Levy to Move Seattle

Updated: July 2022

What’s happening now?

We are pleased to present the Q2 2022 Levy to Move Seattle Report. This report highlights our work from April through June 2022 that was funded by your tax dollars through the voter-approved Levy to Move Seattle. During this time, we expanded our bike network, made bridges safer, planted more trees, improved some of our busiest streets, and more with your Levy dollars.

Q2 highlights include:

  • Basic Maintenance: We repainted more than 1,100 crosswalks, repaired a total of 5.5 blocks of sidewalks, planted 31 trees and maintained landscaping for safety and visibility. We also completed many spot improvements to benefit people traveling on transit, walking, driving, biking, and transporting freight. For example, we supported freight movement by adding overhead signage on S Spokane St from SW Chelan St to East Marginal Way S. This helps direct people driving freight vehicles to appropriate routes so they can transport goods efficiently.
  • Vision Zero: We continued our work on 23rd Ave E, Lake City Way, and Sand Point Way NE. These three projects are expected to be complete in the coming months. We also completed our Safety Corridor improvements along 15th Ave S. We made signal and curb ramp upgrades, crossing improvements, and better bike connections to make it easier for people walking and rolling to navigate intersections. This work also included repaving.
  • Safe Routes to School: Within the school zone near Ballard High School, we installed speed humps and new marked crosswalks to slow drivers down and make students crossing the street more visible. This is one of many traffic calming projects near schools that have received strong community support.
  • Bicycle Safety: We grew Seattle’s bike network by approximately 2.5 miles in Q2. As part of the 15th Ave NE Paving project, we completed one mile of protected bike lanes and one-quarter mile of bike lanes from NE 55th St to Lake City Way. We also completed two neighborhood greenways totaling 1.2 miles: the Northgate to Maple Leaf neighborhood greenway and the Seattle Center to Waterfront Walking and Biking Connection. Our updated 2022 bike guide, Seattle by Bike helps new and experienced cyclists travel safely and confidently through our expanded bike network.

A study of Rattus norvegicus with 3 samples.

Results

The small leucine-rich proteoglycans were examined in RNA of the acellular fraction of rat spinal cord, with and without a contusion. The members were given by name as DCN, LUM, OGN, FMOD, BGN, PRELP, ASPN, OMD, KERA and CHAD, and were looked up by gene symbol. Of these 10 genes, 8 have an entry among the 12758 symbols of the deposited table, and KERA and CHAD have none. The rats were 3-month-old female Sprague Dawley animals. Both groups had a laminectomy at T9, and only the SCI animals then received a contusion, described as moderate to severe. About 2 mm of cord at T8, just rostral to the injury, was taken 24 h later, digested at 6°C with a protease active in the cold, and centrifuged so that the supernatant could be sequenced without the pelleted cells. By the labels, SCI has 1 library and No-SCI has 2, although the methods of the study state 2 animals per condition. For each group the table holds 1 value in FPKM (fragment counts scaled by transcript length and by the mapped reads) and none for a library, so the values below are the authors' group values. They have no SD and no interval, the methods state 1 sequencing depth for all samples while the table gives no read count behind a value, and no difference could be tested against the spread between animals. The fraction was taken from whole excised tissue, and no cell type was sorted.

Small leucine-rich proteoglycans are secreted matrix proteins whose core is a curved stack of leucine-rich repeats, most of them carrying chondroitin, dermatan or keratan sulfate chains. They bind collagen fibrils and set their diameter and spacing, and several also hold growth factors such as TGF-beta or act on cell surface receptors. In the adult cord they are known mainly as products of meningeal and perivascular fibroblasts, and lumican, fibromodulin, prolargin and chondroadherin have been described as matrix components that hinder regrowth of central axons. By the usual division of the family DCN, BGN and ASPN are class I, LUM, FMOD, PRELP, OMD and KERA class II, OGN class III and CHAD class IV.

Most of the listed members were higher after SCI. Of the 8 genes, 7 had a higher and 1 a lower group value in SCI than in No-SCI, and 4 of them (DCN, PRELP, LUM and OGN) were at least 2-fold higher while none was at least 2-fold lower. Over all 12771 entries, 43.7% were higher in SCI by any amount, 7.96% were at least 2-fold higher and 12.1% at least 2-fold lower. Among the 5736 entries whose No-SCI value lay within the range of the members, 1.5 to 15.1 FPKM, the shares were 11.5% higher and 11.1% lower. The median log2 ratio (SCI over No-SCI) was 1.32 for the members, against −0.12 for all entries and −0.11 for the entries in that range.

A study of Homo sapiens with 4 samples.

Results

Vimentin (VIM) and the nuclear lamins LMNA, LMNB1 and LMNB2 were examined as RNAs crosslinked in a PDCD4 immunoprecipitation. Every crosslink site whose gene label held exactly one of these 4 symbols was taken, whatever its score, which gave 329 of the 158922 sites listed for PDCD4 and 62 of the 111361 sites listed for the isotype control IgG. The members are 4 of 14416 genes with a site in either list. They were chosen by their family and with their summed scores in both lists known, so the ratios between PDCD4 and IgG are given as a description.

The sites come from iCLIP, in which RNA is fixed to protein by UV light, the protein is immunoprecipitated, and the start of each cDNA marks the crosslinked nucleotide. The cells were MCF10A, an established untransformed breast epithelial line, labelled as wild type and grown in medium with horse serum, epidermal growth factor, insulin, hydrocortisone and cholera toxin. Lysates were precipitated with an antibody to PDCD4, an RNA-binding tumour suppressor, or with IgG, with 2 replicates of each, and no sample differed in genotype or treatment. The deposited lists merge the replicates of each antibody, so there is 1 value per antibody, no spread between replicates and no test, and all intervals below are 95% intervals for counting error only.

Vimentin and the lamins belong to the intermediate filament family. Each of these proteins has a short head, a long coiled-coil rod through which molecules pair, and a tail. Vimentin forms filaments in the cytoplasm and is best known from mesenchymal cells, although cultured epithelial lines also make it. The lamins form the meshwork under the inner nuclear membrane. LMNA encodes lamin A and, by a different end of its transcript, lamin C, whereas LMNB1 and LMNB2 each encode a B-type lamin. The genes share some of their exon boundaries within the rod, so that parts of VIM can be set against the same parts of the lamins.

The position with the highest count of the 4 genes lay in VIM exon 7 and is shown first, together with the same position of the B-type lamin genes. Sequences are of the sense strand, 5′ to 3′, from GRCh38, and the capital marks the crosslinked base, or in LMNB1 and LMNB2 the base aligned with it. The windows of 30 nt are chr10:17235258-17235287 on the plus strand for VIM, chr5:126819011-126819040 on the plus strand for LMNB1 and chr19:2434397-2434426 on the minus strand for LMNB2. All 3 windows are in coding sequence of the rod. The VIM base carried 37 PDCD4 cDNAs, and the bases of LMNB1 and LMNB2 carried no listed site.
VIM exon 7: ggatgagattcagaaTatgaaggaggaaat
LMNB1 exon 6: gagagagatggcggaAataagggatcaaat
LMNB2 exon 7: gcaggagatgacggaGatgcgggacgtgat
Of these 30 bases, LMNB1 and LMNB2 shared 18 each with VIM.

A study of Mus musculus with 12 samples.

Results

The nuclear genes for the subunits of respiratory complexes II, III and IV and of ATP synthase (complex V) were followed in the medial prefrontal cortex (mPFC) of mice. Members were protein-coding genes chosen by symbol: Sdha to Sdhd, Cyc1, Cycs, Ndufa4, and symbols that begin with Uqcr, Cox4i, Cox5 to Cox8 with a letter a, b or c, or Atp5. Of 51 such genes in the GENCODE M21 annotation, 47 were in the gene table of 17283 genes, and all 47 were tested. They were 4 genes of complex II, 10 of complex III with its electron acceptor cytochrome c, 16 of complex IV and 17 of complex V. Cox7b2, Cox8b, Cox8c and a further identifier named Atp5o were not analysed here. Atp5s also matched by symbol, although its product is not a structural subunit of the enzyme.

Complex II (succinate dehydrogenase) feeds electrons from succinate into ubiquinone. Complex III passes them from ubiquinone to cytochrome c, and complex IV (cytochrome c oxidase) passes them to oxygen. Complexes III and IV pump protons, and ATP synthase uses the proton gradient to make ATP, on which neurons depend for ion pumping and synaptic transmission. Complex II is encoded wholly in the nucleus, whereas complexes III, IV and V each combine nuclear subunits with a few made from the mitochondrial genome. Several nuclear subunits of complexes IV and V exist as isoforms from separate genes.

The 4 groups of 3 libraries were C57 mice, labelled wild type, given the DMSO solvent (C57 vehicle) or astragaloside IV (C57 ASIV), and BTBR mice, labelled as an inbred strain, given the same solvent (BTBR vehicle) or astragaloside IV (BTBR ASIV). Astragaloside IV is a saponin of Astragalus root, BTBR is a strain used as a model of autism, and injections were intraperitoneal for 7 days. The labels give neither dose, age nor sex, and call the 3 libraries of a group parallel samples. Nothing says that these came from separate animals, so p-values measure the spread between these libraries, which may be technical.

• Paving: As part of Program 9 – Arterial Major Maintenance, we completed repaving of 10.4 total lane-miles in Q2, including 4.6 lane-miles on 15th Ave NE and 5.8 lane-miles total across 15th Ave S, S Spokane St, and S Columbian Way. As part of Program 10 – Arterial Asphalt and Concrete, we repaved 2.8 miles across the city and made 17 paving spot improvements.
  • Bridges: We completed the 8th Ave NW Bridge seismic retrofit to make the bridge safer in the event of an earthquake. We also completed 81 smaller spot repairs on our bridges, keeping them safe and functional. 
  • New Sidewalks: We constructed 3 blocks of new sidewalk on Lake City Way between NE 91st St and NE 95th St. We currently have over 20 blocks of new sidewalk under construction and planned to be complete by the end of the year. 

Thank you, Levy Oversight Committee

Our commitment to transparency and accountability includes working closely with the Levy Oversight Committee. SDOT appreciates the time and service the Committee’s volunteers dedicate to Levy oversight. 

The Transportation Levy to Move Seattle


Approved by voters in November 2015, the 9-year, $930 million Levy to Move Seattle provides funding to improve safety for all travelers, maintain our streets and bridges, and invest in reliable, affordable travel options for a growing city.

The levy provides roughly 30% of the City's transportation budget and replaces the 9-year, $365 million Bridging the Gap levy approved by voters in 2006.

The levy aims to take care of the basics, while also investing in the future with improvements to move more people and goods in and around a growing Seattle. An oversight committee made up of Seattle residents, appointed by the Mayor and City Council, will monitor levy expenses and revenues, review program and project priorities, and make recommendations to the Mayor and City Council on how to spend levy proceeds.

Keeping track of Levy progress

SDOT is committed to clear and transparent reporting on transportation projects funded in part or in full by the Levy to Move Seattle. Levy reports are important tools for the Oversight Committee and general public to monitor Levy progress. The new Levy dashboard further increases transparency and accountability. Below are three short video tutorials showing how to use the Levy dashboard. 

Early each year, we identify Planned Accomplishments and Spend Plan for that year and report our progress against those goals through quarterly reports published on April 30, July 30, and October 30 each year. Annual reports are published March 30 of the following year and illustrate overall Levy progress. These reports help keep us accountable to the Updated Workplan Report (published November 2018).

All Levy reports and other documents can be found on the materials page. 

Delivering our 9-year commitments

We published an Updated Workplan Report in November 2018 and expect to share a Portfolio Status Update in the next year to forecast the delivery plan for the remaining years of the Levy, including program delivery strategies and a funding outlook.